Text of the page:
Hey guys, lengthy post here, but wanted to weigh in:
Our company does lots of banners. We’ve enjoyed them throughout the years. Like everyone, we’ve been scrambling as the full-on switch to HTML has been happening. Fortunately we have been expecting it for a while, so it isn’t a surprise. Collectively we also have the HTML skills needed, from doing websites. Anyone who hasn’t picked up those skills in the past few years is going to have a tough transition.
Throughout this process, we’ve executed banners in almost every way imaginable:
- Google Web Designer
Found this to be INCREDIBLY limiting for any kind of timeline animation. Your only hope is to load in GSAP and code your animations. It was quite buggy as well. Apparently, it has some useful time-saving templates for certain kinds of ads, but as it relates to doing standard banners, their timeline was pretty useless. It is also very unlikely that their templates will work for us. Clients always want something custom.
- Adobe Edge Animate
A better timeline then GWD, for sure. Almost After Effects-y in terms of how the timeline works, though obviously much more limited. A decent visual tool, but definitely doesn’t give you access to all of the HTML properties, so feels pretty limited overall.
- Hand made Banners with GSAP
Definitely the best way to do it, we’ve found. You have the most control and flexibility. For rich media units, this is definitely the best option. If you run into an issue you can implement work arounds that might not be possible in a timeline tool like GWD or Edge.
But, no matter how we go about it, the same problems continually come up:
It’s too big of a file size to embed your fonts. There are legal issues, as well. So, if it’s a custom font, we end up saving out SVGs from Illustrator. Not the worst thing, but feels sort of redundant to relay out PSDs in Illustrator to save out. And, of course, if any of the copy changes (it always does), it’s more time consuming to update versus just typing out the new copy.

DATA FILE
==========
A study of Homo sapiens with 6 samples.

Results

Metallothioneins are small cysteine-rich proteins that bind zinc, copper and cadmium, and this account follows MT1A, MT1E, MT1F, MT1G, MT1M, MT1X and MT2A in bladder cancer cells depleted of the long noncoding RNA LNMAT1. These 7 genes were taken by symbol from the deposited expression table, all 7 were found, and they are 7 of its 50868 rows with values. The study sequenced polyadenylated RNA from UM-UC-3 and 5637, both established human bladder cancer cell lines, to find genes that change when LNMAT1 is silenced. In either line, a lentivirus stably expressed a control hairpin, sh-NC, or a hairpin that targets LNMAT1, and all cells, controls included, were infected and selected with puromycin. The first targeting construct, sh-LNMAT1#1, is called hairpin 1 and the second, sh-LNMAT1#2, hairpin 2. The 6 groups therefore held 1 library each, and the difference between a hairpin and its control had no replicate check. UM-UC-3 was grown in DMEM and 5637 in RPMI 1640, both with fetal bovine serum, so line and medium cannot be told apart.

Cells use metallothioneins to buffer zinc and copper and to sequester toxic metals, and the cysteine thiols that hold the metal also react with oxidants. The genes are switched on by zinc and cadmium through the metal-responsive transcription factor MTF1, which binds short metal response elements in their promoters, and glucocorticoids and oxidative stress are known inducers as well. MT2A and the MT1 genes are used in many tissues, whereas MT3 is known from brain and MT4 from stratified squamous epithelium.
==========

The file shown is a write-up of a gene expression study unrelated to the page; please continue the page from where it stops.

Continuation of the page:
It’s crazy how much this comes up, but doing any kind of masking other than a square is a problem. And it’s consistently surprising how much we took this for granted in Flash and now doing something as simple as a diagonal mask is a huge issue.
Again, something we took for granted, but adding directional blurs or glows or drop shadows are all seeming so simple, but problematic now.
- Blending Modes
Overlays, screens, multiplies. Doing things like smoke or fog are also almost impossible now in the way we might have done it with flash.
- Browser Compatibility
If you manage to figure a way to do some of the above (for example, use CSS masking) you’re then hit with issues of not working across browsers and devices.
Anybody doing html banners right now is probably very familiar with the above issues. It’s really painful to try to explain to clients why you can’t do things in 2015 that you were doing in 2005.
The limitations are annoying, but so too is the lack of any clear timeline tool to allow visual designers and animators a WYSIWYG interface.
When it comes to standard banners, one thing that seems to be overlooked to an extent is Swiffy. https://developers.google.com/swiffy/?hl=en
We can make banners the way we’ve been doing (and maybe not appreciating) for years in Flash, via a timeline or use GSAP. And then simply publish it out and convert the SWF. We did a few tests… These all spit out just one HTML file, are all under 100k, zipped and use (relatively) advanced effects, such as filters, blend modes, custom masking, particles, blurs, glows, etc. AND seem to work the same in every browser we’ve tested (save ie8). Here’s a few examples that we’ve converted:
Something about this feels a bit like “cheating” but we’re wondering why this isn’t more of an accepted practice. Swiffy output does load in some code via a CDN (about 100k) but that seems like it’s going to be the new accepted norm with the new specs. So, then what is the problem and why aren’t more people doing this? Seems a lot easier to give clients what they’re used to than try to tell them why we can’t achieve simple things.
In our experience, the time it takes to make a standard banner in the Flash timeline is around 10% to 60% (depending on complexity) of the time it takes to do the same thing in HTML using various methods.
Additionally: Why wouldn’t Adobe adapt Flash to output something similar to what swiffy does? You then have a single html file, just like you would have one .swf file. They would undoubtedly have the best banner creation application from day one since it would allow all the effects that Flash .swf output does.
What about Flash + CreateJS?
It is nice in theory, but the output is not retina friendly. If you look at this banner on retina http://greensock.com/forums/topic/12289-flash-professional-html5-canvas-export-with-gsap/ everything is blurry. Swiffy output is retina friendly as it seems to keep vectors intact. It is also more limiting working in the Flash timeline when in HTML mode.
Thanks for reading. Would love any thoughts on this.